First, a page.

Spark progresses PSTN to IP upgrade with IP multimedia subsystem

Switches on Ericsson IMS

Spark says it has completed the first major milestone in its plan to convert its circuit-switched public telephone network into an IP based network, dubbed the ‘Converged Communications Network’ (CCN), by switching on an IP multimedia subsystem (IMS) provided by Ericsson.

The IMS is, Spark says, “a key piece that enables the CCN to centrally switch voice calls regardless of the calls origin, whether the calls come from a landline, mobile or data based call.”

Spark announced in April 2017 a five-year plan to scrap its public switched public telephone network and replace it with an IP network to underpin fixed and mobile voice services, video services and what Spark called ‘data based’ communications.

The plan called for the replacement of 482 telephone exchanges and two nodes that support intelligent network services with three network nodes — two in the North Island and one in the South Island to provide redundancy – to deliver a wide range of IP based voice and data services including voice over WiFi, voice over LTE, videoconferencing and collaboration.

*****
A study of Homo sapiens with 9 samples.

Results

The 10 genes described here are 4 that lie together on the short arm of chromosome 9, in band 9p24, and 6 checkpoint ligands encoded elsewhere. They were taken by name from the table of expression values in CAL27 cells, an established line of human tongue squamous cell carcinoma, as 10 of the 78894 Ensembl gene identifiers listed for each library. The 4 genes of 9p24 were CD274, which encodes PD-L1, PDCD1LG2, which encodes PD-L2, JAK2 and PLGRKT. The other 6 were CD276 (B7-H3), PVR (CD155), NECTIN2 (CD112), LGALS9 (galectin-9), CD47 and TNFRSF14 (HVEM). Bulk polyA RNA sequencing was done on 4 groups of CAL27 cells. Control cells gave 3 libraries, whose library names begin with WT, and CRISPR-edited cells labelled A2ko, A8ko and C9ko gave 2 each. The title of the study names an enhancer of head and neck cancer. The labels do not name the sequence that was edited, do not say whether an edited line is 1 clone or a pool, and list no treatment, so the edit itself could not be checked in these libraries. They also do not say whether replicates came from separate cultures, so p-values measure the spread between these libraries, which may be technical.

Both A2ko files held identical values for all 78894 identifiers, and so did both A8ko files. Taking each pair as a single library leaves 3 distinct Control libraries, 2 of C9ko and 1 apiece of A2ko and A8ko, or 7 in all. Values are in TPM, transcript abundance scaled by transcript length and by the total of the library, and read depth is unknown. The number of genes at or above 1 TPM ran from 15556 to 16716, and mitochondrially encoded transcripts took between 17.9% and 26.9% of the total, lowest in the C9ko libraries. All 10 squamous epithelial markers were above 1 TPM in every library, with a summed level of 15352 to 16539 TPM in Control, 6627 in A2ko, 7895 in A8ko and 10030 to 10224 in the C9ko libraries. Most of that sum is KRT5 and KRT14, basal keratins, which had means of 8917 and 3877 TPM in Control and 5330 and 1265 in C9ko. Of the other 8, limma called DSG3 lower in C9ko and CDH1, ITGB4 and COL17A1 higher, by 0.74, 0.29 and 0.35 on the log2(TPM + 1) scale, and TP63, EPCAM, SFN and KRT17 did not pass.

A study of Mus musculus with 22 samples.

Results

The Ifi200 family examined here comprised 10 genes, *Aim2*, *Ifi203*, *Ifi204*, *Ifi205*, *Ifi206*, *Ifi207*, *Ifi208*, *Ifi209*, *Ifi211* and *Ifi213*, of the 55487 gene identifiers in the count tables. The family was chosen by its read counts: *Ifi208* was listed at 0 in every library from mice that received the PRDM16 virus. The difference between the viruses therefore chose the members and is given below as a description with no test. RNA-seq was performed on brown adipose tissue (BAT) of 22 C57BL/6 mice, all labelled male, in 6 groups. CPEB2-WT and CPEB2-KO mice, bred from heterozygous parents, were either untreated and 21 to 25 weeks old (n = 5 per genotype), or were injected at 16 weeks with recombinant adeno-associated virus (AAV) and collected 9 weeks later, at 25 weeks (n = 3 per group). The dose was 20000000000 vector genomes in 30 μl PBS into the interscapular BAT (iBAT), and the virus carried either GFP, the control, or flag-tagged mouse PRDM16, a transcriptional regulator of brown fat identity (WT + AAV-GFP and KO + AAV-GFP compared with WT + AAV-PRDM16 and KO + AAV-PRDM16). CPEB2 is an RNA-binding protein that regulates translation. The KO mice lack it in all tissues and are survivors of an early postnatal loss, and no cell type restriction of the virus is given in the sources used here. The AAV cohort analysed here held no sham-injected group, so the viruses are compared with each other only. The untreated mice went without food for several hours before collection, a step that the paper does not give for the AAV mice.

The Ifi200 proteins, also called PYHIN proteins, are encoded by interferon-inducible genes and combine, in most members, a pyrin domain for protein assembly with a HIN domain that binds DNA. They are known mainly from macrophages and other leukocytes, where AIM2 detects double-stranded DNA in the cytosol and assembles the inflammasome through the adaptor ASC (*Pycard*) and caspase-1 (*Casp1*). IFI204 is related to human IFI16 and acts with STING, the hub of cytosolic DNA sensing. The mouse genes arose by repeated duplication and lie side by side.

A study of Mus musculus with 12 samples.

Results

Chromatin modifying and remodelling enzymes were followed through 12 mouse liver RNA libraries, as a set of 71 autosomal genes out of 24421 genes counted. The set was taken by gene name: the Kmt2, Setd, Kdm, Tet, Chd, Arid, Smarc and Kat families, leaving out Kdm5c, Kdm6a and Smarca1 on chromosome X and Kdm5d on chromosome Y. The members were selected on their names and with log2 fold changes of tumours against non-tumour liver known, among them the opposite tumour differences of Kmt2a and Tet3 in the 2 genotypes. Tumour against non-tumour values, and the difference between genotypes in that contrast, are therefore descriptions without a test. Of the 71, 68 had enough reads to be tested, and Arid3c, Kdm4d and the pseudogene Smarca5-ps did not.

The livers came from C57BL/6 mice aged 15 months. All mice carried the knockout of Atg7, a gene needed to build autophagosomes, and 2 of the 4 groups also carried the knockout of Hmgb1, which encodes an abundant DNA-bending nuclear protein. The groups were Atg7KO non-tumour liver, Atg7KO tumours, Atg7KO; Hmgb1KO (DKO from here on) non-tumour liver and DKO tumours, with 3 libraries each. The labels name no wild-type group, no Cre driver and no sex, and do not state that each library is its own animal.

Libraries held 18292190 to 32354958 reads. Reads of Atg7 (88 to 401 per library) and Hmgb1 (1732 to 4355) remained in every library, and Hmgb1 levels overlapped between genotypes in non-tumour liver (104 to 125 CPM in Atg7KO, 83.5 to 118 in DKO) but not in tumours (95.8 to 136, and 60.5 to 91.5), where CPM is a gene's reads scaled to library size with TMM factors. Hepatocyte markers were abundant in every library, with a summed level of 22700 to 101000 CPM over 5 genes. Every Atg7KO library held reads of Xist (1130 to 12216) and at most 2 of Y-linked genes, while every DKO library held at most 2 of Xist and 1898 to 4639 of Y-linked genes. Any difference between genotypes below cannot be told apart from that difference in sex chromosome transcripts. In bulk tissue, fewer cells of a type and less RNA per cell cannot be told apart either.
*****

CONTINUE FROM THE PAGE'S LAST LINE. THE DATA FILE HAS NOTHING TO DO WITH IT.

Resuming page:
The upgrade was to be undertaken in three phases. Phase one, to be completed by the end of 2018 would see the new core network built along with two of the planned three nodes and existing exchanges being decommissioned. 

Spark said today that it had already decommissioned 10 percent of these exchanges, that a further two would be decommissioned each week over the next 12 months, and that all new fibre and wireless broadband customers who sign up for a landline would have their calls processed over the new CCN.

Spark technology director Mark Beder said the CCN “marks the biggest improvement to our voice communications platform that Spark has undertaken since we upgraded to digital switching 30 years ago.”

Spark’s network evolution lead Colin Brown said the CCN would bring all voice communications (landline, mobile, video or data-based) together in one platform.

“It will provide New Zealanders with a new, stable and robust voice platform that sets us up for the future. It’ll also means we’re able to deploy future voice services faster, such as voice over 4G (LTE).”